Working ON your business

Once upon a time, an executive of Disney was asked about the time frame that is used in planning the growth of the Disney Corporation. The response given would very appropriately apply to any and all music retailers that want to and are planning to be around for well into the 21st century. His response was, "Build for five years, plan for ten years, and dream forever."

With a slight variation, we considered that statement as a philosophy that we adhered to in our business. On a poster hanging on our classroom wall was our own version of the Disney statement, "Dream for ten years, plan for five, work for one. We also created "want lists" which were posted so that they reminded management and staff of our plans and ideas. For example, at one point our "Disney statement" had 16 ideas that we wanted to incorporate into our business. Instead of listing the items according to the three time frames, items were listed in three sections: changes to the physical plant, changes in services offered to customers, and merchandising changes.

The first category, changes in the physical plant, included a new phone system that we wanted to have installed within the next year, a new roof on our building, creating a service center, and converting about 1,700 square feet of our warehouse to sales floor. The items on the list had a priority assigned to them, an estimated cost, and some of them were given a time deadline.

Even with those that were on the bottom of the list and that we did not expect to complete within the next three or four years, we were mindful of these objectives as we worked in the business, and how what we were currently doing would affect them. Some of these items dealing with the physical plant were on our list for the occasion when we would be meeting with the landlord to negotiate our next lease.

The second section contained services that we wanted to add to our store or services that we want to update or expand. This list was created as a result of discussions with our staff. We asked what other businesses they had referred customers to and for what services. When we had something given by several team members, we figured it was time for us to consider adding it.

These items, because they had more immediate time lines, were for the most part, given more detail. We had also spent more time calculating the exacting costs of implementing each of these ideas so that we could make them a part of our immediate cash flow plan.

The third section listed departments that we wanted to add or departments that we wanted to change. As our retail market constantly changed, we found the need to revise not only our product mix, but also our department mix. While our dream list did not name the departments we were going to decrease or discontinue, it did name the additions and changes.

Departments that were decreased or discontinued were all surprises to us. The reasons for our dropping these were varied, but we were fortunate that by having our list, we were ready with alternate merchandising plans.

The new departments we wanted to add were on the list because of an increase in the sales of related products, or changes in the number or type of competitors in our trade area. There were also departments that were scheduled for major reworking. When we began a revision, major or minor, we often began with blank floor plan sheets and then estimated where the merchandise was going to be placed. For example, we did not make estimates for each item, but we estimated how many linear feet were necessary for each product group.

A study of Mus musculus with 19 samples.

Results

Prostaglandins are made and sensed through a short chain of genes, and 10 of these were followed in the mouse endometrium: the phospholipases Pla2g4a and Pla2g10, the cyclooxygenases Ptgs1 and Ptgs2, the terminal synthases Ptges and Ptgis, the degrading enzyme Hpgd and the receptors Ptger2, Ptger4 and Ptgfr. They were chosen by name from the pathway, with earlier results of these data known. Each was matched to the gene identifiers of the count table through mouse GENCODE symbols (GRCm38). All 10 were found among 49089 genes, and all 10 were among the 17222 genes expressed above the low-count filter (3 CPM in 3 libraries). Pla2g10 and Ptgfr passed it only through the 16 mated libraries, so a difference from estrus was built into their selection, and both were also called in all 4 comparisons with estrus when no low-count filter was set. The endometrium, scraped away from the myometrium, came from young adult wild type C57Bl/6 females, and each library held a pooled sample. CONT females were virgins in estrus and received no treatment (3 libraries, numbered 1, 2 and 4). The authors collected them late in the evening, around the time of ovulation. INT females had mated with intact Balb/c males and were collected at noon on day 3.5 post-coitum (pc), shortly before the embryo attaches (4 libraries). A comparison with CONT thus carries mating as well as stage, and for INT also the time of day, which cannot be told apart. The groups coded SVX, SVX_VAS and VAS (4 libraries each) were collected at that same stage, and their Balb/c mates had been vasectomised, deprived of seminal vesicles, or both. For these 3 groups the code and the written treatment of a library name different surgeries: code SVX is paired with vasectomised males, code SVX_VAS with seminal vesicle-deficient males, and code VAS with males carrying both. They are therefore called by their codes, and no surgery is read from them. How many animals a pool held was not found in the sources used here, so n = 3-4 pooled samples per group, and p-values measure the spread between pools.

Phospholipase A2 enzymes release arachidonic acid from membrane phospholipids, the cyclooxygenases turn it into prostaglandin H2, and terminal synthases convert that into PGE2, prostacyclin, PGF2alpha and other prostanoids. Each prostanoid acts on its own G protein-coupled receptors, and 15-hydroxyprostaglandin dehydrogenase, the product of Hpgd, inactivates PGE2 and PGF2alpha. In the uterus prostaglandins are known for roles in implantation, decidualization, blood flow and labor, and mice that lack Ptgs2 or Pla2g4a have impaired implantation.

We found that revisions were, as with the new departments, easier to accomplish by adding items on a "onesie" basis. Ordering only a minimum quantity for each of the items that were being added allowed us to work on an idea. There were several times where plans looked great on paper, but did not work properly when we began to develop them on the sales floor.

Unfortunately, we had found that our staff had to be prepared to do most of this work as we had decided to not allow sales representatives to build the sections by themselves. Having previously tried this, too often we found the sales representative's brand of merchandise prominently displayed, and competing products squeezed in a corner or on the bottom shelf.

With departments getting a major revision, our reasons for doing so included outstanding sales and the desire to increase sales, as well as departments that had appearances that were in need of improvement. As we made these changes, we usually found that by rearranging the department we had enough space to add new products.

Adding a new product was a point of discussion in our store. Sometimes a product selected seemed a bit out of place, or one that prompted a, "How many people do you think are going to come in to buy one of those?"

The person merchandising that particular section would tell their fellow team members we would have a better chance of selling any unique item than we would have trying to sell an empty shelf or peg board. By our adding items one at a time, there was minimal financial exposure and occasionally we found another new niche.

Finally, from a management standpoint, our goals had to include rewards for our key team members. We created a benefits program, profit sharing, and incentives. We were in business for a long time. And our business, in a new location with its new ownership, is bigger than ever. We are so confident that our adaptation of the Disney theme was an integral part of our business. Most definitely it was not a Mickey Mouse idea!